Yesterday I received a message from a writer. The gist was that she'd lost all enthusiasm and motivation for her current project. Should she keep working on the project, or start a new one?
I told her to start a new project. It would help her to get her enthusiasm back, and it might even spark ideas for the project she was stuck on.
How many projects are you working on? I find that I always have somewhere between ten and 20 projects ongoing; this seems average for most full-time writers.
When you're working on several projects, organization is a must, otherwise you fail to meet deadlines, and this is a cardinal sin for a writer.
Here are some organizational tips which work for me (please share your own tips in the Comments):
1. Keep each project in its own folder in your computer's file system
Things is my to do/ task list manager. I drag the projects folder into the Active Projects list in Things, so I can open the folder at a click. I love Things, because I can see how many active projects I have at a glance, and can track every task in a project very simply;
2. When you get a new project, start work on it IMMEDIATELY
Over the years, I've found that if I spend as little as 20 minutes roughing out a project, and listing my initial ideas, the project flows more smoothly. My theory on why projects are easier when I do this is that I've broken the inertia -- my mind starts working on the project when I'm doing other things, and even when I'm sleeping.
3. Do something on every active project most days. As a deadline approaches, spend more time on the project
I've found that spending at least five minutes on every active project every day, helps me to stay motivated, and "in" the project. If you leave a project for several days, you're more likely to procrastinate, because you've lost your initial enthusiasm for the project.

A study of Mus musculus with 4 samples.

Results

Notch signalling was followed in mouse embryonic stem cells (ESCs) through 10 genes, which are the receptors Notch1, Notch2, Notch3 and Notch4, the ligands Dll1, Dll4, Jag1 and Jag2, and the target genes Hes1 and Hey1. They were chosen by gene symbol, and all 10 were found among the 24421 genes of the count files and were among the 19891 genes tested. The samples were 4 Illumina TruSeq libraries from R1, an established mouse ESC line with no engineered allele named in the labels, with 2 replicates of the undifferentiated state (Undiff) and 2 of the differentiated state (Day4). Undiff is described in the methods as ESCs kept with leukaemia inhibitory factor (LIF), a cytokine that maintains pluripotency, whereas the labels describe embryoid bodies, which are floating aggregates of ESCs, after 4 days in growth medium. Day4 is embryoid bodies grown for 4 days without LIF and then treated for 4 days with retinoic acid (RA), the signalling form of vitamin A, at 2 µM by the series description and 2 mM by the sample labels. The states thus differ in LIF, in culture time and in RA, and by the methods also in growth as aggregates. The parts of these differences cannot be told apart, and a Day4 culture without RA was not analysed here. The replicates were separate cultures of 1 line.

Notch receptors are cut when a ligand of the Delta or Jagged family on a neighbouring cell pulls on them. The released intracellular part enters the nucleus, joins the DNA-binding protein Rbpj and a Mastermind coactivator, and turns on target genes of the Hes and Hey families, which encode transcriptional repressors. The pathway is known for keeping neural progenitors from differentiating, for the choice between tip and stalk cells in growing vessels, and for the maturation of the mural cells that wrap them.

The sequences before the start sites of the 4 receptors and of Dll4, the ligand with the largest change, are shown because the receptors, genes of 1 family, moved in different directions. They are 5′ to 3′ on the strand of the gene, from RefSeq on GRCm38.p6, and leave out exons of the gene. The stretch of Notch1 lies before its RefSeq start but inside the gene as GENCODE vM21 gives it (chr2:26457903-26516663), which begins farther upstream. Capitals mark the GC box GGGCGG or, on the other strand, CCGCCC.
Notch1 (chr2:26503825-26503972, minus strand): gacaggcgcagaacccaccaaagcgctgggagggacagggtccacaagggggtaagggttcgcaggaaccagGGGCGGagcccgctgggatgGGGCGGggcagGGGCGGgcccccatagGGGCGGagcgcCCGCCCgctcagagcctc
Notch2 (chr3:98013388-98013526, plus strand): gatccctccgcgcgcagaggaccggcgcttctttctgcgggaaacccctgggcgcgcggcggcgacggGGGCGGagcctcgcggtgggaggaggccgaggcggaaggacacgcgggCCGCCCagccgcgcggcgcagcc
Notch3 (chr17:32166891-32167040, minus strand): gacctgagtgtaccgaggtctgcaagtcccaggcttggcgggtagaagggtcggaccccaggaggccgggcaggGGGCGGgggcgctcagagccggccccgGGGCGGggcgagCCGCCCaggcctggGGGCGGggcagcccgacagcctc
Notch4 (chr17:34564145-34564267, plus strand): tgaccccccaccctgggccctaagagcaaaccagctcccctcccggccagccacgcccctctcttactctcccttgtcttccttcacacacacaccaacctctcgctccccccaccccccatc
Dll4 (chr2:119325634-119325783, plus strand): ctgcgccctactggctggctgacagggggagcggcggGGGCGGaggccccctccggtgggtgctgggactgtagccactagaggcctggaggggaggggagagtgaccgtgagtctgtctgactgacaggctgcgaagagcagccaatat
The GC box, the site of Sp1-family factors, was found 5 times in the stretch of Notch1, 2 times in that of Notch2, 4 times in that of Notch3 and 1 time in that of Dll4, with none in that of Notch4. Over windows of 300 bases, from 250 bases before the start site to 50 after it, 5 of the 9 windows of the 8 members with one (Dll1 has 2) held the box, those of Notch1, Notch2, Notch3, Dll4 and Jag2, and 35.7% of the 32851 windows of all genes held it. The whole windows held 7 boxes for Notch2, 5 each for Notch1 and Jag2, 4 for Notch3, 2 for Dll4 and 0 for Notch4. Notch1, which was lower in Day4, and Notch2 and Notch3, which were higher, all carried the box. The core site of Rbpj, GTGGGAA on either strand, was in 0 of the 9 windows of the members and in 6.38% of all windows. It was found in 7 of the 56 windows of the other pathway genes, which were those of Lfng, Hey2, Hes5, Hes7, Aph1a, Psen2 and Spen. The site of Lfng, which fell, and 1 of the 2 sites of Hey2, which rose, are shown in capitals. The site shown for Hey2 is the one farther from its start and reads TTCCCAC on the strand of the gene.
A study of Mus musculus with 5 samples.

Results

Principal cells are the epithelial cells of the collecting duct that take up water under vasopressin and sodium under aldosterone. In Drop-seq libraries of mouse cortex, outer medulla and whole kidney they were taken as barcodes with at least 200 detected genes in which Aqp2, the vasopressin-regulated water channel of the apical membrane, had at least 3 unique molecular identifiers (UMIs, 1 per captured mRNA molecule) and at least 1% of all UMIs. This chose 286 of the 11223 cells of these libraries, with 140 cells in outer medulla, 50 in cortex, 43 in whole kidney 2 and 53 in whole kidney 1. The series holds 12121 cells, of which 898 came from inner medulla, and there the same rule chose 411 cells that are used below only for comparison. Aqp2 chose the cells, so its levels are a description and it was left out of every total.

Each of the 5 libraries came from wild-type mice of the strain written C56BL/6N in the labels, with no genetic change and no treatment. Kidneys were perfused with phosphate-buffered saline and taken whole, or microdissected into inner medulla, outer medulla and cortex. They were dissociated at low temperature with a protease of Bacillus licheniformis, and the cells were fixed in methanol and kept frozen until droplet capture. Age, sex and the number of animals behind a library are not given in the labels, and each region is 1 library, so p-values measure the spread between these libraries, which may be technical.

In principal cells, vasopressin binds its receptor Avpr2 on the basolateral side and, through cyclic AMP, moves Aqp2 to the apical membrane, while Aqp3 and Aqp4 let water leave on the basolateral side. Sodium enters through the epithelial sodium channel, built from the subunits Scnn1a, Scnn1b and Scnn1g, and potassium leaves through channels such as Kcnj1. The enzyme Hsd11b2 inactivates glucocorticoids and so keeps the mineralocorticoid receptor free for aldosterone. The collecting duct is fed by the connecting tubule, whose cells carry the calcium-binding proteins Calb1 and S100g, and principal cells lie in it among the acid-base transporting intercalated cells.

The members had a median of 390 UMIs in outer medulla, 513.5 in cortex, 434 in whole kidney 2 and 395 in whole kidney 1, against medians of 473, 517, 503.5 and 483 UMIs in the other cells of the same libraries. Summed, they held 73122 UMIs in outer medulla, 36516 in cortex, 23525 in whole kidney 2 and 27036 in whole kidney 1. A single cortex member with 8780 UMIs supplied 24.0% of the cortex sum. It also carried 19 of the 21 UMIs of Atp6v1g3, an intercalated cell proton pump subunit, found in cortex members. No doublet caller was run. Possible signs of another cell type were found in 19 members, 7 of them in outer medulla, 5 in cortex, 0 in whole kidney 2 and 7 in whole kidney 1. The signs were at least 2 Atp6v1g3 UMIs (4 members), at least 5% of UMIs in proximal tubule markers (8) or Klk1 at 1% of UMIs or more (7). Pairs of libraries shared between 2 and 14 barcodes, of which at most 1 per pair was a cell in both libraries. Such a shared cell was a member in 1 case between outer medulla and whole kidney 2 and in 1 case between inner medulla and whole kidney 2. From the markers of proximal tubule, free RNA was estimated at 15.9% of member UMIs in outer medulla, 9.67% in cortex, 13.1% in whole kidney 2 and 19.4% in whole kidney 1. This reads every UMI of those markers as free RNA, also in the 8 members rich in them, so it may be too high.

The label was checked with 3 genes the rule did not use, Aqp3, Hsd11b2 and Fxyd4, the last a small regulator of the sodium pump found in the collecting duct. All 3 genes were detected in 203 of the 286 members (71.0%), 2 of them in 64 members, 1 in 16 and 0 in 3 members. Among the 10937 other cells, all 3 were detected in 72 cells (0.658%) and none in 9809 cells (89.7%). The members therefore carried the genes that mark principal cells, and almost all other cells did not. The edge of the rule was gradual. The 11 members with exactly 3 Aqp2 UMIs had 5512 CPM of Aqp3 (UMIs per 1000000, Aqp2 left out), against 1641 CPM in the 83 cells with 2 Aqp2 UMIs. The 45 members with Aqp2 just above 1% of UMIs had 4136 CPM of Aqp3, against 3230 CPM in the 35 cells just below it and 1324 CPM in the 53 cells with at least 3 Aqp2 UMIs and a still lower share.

4. Create templates for EVERYTHING
I have templates for my Terms of Service, invoices, statements, briefing sheets, project outlines, newsletters like my Fab Freelance Writing Ezine, ebooks... Templates save time and energy.
Often my initial work on a project (see #2 above) involves calling up a template or two or three (if you use a Mac, investigate LaunchBar 5, it's brilliant), and creating the basic documents for the project.
5. Backup, backup, backup!
Your computer's hard drive will die. It's not a matter of IF, just of WHEN. Create a backup strategy which works for you, and follow it.
And yes, this means keeping off-site backups too. I use ZumoDrive and DropBox for off-site backups -- great programs, because they're completely transparent in use.
All your organizational efforts will be for naught if your hard drive crashes, so please take this seriously. This is vital, whether you sell your writing services, or create information products.
Around 15 years ago my computer's hard drive died, and my tape backup was corrupted. I didn't have an off-site backup... The memories still make me shudder. So backup, please. :-)
Are you an organized writer, or a completely disorganized one? If you're disorganized, why? Share all in the Comments.